To take back the nation in the post-Bush era, start thinking now about some bold but plausible progressive reforms, from universal health insurance to free daycare and a shorter work week.
With persistence and strong convictions, insurgents can change a political party. Galvanized by the war and disgusted with weak-spined party leaders, rank-and-file Democrats may at last be ready to bite back.
Among the sweetest victories of 2005: Social Security reform has been blocked, pressure to withdraw from Iraq is growing and progressive activists are making progress on local, state and national issues.
George W. Bush's plan to privatize Social Security is dead, thanks to a
remarkable mobilization by progressive groups. Much can be learned from
the way The Campaign for America's Future, labor unions, MoveOn.org and
others worked together to inform citizens and arouse opposition to the
Progressive groups that mobilized for the 2004 elections are
now dismissed as failures. But though they were unable to defeat Bush,
grassroots activists are creating waves across the country. They may be
the ticket to Republican defeat and the creation of a new movement.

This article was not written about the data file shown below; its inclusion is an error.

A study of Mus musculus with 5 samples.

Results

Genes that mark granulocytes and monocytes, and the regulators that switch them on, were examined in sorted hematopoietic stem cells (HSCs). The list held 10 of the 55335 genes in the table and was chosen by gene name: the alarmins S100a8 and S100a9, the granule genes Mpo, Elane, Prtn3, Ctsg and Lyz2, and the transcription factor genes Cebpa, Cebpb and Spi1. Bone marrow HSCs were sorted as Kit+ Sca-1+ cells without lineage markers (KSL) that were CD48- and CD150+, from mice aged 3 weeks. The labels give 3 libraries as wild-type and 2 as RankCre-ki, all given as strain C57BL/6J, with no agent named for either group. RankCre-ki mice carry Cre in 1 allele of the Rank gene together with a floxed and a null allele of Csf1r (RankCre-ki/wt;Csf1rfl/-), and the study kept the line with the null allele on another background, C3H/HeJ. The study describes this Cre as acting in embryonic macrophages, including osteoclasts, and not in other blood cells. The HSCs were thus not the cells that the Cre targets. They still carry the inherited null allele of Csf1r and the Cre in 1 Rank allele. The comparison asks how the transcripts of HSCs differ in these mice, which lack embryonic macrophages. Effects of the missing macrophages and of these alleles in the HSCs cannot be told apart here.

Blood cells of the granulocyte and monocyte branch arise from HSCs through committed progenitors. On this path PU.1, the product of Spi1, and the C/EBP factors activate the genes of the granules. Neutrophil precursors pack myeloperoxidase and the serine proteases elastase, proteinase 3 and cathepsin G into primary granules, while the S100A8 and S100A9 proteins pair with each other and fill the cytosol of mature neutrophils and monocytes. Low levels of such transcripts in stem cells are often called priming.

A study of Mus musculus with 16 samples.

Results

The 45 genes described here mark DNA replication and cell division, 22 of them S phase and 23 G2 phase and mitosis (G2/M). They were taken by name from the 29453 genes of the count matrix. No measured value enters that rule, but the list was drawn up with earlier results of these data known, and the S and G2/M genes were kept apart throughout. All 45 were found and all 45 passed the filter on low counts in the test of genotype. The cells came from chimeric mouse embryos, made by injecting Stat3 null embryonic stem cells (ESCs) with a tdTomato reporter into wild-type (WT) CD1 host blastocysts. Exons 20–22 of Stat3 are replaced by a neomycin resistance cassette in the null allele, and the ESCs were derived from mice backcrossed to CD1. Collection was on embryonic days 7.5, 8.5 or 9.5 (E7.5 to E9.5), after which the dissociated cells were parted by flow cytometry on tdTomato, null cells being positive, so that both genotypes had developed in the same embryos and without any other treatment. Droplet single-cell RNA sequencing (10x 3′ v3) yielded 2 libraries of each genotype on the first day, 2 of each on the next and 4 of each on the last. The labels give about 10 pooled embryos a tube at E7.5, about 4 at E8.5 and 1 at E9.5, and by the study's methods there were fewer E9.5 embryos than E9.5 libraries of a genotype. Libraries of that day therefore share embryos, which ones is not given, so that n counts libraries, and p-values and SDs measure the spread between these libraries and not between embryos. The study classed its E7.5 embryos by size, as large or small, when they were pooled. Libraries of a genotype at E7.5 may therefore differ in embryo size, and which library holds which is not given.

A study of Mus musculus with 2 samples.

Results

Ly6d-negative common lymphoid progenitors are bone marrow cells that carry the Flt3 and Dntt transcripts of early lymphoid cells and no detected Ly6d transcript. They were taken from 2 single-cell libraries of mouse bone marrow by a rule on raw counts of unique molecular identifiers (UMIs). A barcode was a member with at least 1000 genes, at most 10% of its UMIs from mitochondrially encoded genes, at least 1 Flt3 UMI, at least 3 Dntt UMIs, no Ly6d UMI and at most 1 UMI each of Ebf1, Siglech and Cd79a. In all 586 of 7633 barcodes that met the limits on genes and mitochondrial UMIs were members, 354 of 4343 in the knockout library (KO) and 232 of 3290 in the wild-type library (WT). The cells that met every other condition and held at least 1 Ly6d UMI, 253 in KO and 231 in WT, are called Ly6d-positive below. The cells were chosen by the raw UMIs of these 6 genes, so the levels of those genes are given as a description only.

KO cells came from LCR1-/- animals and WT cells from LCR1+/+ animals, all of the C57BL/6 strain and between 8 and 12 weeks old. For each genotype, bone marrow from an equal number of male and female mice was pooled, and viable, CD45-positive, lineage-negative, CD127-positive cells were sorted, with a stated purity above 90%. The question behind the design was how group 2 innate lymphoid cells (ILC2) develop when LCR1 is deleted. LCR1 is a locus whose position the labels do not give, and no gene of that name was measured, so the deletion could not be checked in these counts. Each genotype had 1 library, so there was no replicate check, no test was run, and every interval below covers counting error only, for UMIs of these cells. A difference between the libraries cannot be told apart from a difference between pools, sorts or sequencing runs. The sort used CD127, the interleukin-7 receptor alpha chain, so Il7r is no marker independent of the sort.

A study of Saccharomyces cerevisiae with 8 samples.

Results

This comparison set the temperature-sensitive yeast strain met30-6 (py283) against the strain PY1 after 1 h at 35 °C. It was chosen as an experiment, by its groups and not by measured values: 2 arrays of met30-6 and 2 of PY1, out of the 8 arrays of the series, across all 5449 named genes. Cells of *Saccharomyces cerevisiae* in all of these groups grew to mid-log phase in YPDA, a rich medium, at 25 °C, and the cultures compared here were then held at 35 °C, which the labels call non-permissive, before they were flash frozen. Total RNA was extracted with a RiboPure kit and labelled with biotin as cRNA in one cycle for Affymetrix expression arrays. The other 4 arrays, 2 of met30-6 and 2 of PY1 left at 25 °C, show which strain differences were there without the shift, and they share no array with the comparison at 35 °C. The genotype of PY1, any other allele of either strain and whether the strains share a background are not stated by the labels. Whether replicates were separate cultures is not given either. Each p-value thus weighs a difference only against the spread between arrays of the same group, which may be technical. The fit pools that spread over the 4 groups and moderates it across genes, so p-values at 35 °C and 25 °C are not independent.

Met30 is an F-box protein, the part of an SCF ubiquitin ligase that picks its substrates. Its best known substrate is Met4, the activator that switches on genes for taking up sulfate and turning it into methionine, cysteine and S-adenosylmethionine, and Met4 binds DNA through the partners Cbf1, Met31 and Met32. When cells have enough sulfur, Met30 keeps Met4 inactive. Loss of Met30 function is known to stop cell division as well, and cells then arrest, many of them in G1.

With his campaign to eradicate poverty in America, John Edwards has
shed his Clinton Lite image. But to truly redefine the Democratic party
and win the 2008 presidency, he has a long way to go.
Liberals need to find a means to bridge the gap between Americans'
belief in liberal solutions and their willingness to trust liberals to
The attempt to fashion a distinct Democratic identity was temporarily
halted when Elaine Kamarck and William Galston published a self-serving
call for Democrats to move to the "center." But nearly every Senate
Democrat voted for a raise in the minimum wage, a clear move exclusive
to the party.
Power and the Idealists clings to the notion that the Iraq War was
waged for humanitarian ideals, while At the Point of a Gun
documents the inner torment of humanitarian interventionists who,
without forgetting Rwanda and Bosnia, have gazed into the Iraqi abyss.
It's a tight race, but if Tim Kaine becomes the next governor of
Virginia, Democrats gain what they desperately need to win back
Congress: a big win in a Southern state.